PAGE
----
Ever wonder what your boss knows but might not be telling you?
No matter how much of a chatterbox your boss might be, chances are good that she's not telling you everything—because most companies require managers to keep certain types of information confidential. Here are five common things that your manager generally won't tell you about.
1. Your job might be eliminated soon. When companies are planning layoffs, they're often tight-lipped until they've made definite decisions about whose jobs are being cut. In fact, many layoffs are announced on the same day that people are expected to leave. So even if your boss knows that you're going to lose your job—even if she knows that your whole department is losing their jobs, and that even she will be out of work—she generally isn't allowed to share that knowledge until the company makes an official announcement.
2. Your co-worker is in the process of being fired. If you've been wondering how your slacker co-worker who surfs the Internet all day still has a job, and you've been growing increasingly frustrated that your manager lets him get away with it, realize that your manager might be dealing with it behind the scenes. Managers don't generally broadcast their disciplinary actions to others, and in most cases, when someone is in the process of being fired, you won't know about it until it happens. So just because you don't see your manager addressing a performance problem, it doesn't mean that she's not.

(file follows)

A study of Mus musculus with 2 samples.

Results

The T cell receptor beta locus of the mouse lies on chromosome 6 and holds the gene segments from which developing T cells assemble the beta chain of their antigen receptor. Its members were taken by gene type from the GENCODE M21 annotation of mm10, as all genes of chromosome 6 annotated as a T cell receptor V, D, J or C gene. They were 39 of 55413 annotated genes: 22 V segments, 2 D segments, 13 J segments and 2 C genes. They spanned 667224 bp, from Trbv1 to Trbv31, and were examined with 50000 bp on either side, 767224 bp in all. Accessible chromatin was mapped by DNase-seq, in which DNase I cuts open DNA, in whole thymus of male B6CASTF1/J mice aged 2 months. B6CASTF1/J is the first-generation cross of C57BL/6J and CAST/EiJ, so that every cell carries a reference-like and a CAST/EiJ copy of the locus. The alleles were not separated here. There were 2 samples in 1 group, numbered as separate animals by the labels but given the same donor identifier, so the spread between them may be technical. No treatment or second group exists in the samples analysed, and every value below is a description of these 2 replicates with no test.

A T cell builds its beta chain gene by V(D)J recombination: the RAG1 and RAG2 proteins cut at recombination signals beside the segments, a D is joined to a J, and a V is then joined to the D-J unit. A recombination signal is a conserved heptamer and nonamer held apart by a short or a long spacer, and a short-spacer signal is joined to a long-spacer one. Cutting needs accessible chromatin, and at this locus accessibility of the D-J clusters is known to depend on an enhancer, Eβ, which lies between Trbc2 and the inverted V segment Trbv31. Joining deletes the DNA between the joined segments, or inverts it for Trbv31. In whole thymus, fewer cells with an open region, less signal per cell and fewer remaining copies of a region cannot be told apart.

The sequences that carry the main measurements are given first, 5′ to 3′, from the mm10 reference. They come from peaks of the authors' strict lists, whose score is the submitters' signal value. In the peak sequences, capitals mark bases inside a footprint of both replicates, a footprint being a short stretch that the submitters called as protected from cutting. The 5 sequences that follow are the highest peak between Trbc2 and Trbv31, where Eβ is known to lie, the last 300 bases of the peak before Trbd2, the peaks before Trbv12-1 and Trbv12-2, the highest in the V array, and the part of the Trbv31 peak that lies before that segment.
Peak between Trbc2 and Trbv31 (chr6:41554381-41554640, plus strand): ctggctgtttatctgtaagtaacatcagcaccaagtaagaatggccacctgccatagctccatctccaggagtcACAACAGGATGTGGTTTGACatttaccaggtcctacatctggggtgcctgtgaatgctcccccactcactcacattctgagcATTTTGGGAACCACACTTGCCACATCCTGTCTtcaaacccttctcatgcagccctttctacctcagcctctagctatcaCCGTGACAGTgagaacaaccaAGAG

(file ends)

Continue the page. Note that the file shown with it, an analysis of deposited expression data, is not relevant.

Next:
3. There's a record of everything you do on your work computer. You have no privacy. Companies increasingly warn employees that they monitor computer usage, but employees often disregard this section of their employee manual—and then are shocked to learn that their employer monitors their email, their Internet usage, and any other activity they do on their work computer, including personal email. You should never use your work computer for anything you don't want your boss to know about—whether it's job-searching, online shopping, complaining about your job, or anything else.
4. Your co-worker is making a lot more money than you because he asked for it. Think salaries are fair and set to equal amounts of money for equal amounts of work? Think again. Your co-worker might be doing the exact same work as you—or even less—but earning significantly more. If your co-worker negotiated better than you did when he was hired, and especially if you didn't negotiate at all, he could now be commanding a much higher salary. However…
5. You could get a raise if you asked for one. You might think that your company will offer you a raise if you deserve one. But more often, you need to ask. Sure, you might get the same cost-of-living increase as everyone else at the start of the year without having to ask for it, but if you want a more sizable raise, one that truly reflects the increase in your value to your employer, you generally need to speak up and ask for it. Don't wait around for your manager to give it to you on her own.
Alison Green writes the popular Ask a Manager blog, where she dispenses advice on career, job search, and management issues. She's also the co-author of Managing to Change the World: The Nonprofit Manager's Guide to Getting Results, and former chief of staff of a successful nonprofit organization, where she oversaw day-to-day staff management, hiring, firing, and employee development.